INTERNET EROSION OF TV VIEWING HABITS DEEPENS
iMedia Conference Gets Preview of UCLA Study Results
February 09, 2004
QwikFIND ID: AAP36R
By Jack Neff
BONITA SPRINGS, Fla. (AdAge.com) -- Optimism, a sentiment often in short supply among interactive marketers and publishers since the bubble burst of 2001, reared its head at the iMedia Communications Brand Summit here today, as marketing executives and researchers pointed to signs interactive marketing is gaining traction as a supplement or even alternative to TV advertising.
But the optimism about online was mixed with a big helping of pessimism about TV. Internet usage is playing a role in lowering the effectiveness of TV advertising in ways that could force advertisers to look elsewhere for more efficient spending, said Jeffrey Cole, director of the UCLA Center for Communication Policy. The center is preparing to release results from the fourth year of its 16-country study of more than 10,000 youths on how the Internet is affecting society.
Of the 11.8 hours the average Internet user spends online weekly, more than half is coming from TV viewing and almost none from sleep or socialization, Mr. Cole said. The Internet caused the number of hours children 14 and under spend watching TV to decline for the first time in 1998, a trend that has continued in recent years, he said. But only in 2002 did Internet usage begin to affect time spent with print media, and then only modestly.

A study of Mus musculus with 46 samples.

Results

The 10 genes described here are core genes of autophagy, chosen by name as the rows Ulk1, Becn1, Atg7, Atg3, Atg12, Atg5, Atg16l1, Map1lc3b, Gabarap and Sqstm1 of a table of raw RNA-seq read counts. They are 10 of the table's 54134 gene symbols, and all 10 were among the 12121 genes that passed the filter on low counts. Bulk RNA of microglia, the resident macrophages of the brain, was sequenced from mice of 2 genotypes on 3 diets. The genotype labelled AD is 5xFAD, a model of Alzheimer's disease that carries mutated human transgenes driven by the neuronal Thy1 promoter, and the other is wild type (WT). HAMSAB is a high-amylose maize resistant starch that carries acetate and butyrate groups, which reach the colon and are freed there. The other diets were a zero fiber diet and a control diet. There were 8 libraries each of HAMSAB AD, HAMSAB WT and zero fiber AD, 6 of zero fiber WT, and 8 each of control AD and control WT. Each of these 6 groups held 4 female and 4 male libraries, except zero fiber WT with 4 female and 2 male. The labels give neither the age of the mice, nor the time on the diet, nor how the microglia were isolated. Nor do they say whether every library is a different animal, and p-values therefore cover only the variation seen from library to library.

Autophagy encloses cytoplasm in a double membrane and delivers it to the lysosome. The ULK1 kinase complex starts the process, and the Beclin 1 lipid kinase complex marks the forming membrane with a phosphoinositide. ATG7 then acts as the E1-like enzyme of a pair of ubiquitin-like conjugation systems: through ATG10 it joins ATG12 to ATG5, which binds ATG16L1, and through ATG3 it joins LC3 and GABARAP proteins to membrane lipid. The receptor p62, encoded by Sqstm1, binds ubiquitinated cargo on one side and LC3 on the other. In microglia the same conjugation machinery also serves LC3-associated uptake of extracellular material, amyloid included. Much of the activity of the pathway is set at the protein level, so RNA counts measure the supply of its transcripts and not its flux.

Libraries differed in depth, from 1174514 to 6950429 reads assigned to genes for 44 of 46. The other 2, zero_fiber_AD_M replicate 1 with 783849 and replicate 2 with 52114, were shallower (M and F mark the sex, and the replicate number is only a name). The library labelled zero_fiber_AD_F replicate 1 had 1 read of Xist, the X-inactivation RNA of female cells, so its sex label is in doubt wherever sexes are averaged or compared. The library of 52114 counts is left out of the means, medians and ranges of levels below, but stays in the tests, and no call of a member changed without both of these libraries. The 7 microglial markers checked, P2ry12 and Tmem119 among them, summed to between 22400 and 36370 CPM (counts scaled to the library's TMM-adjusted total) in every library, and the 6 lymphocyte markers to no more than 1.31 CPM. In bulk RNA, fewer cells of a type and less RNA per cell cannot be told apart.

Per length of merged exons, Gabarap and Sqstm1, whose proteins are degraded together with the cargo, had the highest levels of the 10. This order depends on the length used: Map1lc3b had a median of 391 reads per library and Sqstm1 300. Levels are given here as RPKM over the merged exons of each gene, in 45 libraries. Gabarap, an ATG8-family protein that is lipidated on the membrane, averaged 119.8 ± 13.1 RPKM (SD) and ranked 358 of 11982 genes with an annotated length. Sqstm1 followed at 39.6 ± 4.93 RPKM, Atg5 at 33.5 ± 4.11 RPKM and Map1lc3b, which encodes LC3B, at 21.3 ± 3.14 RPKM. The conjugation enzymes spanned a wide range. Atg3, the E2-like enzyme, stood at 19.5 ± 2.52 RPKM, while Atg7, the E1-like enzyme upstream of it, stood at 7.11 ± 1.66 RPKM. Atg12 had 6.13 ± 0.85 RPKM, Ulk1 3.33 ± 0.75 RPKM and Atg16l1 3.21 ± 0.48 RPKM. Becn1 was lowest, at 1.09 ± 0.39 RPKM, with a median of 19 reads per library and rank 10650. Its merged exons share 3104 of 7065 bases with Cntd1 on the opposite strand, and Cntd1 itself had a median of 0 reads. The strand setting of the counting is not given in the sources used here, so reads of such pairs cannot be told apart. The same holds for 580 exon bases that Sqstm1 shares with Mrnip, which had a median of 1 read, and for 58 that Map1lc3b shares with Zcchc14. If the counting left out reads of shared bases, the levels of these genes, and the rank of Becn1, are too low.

"Internet users watch 28% less TV than non-Internet users," Mr. Cole said, "though Internet users still spend more time watching TV than they spend on the Internet."
Growing penetration of broadband, which UCLA has found was used by 36.8% of Internet users last year, is at first blush good news for TV advertisers, because broadband users are more likely to go online in short 2- to 3-minute bursts rather than the 30 minutes common among modem users, he said. But the 2- to 3-minute bursts tend to come during TV commercial breaks, he said. "It's becoming the thing people do during the commercials."
Mr. Cole expects this viewing trend to force media buyers to find ways to pay only for ratings of commercials watched rather than of entire programs, an idea that could further come in to play as adoption of digital video recorders such as TiVo becomes common.
"TV is still the best game in town," he said. "I don't think you'll see one-third of media budgets going to interactive. But you don't hear as much about people making fun of the Internet anymore."
Mr. Cole is also beginning to see the initial stages of a trend toward broadband connections in kitchens. More than half of Internet users multitask, he said, with TV viewing the most common second task and a third of the multi-taskers doing at least three things at once.
"The Internet has become the most important source of information for Internet viewers," he said. But it's still not much of an entertainment medium, ranking fifth in UCLA research among entertainment media options among users.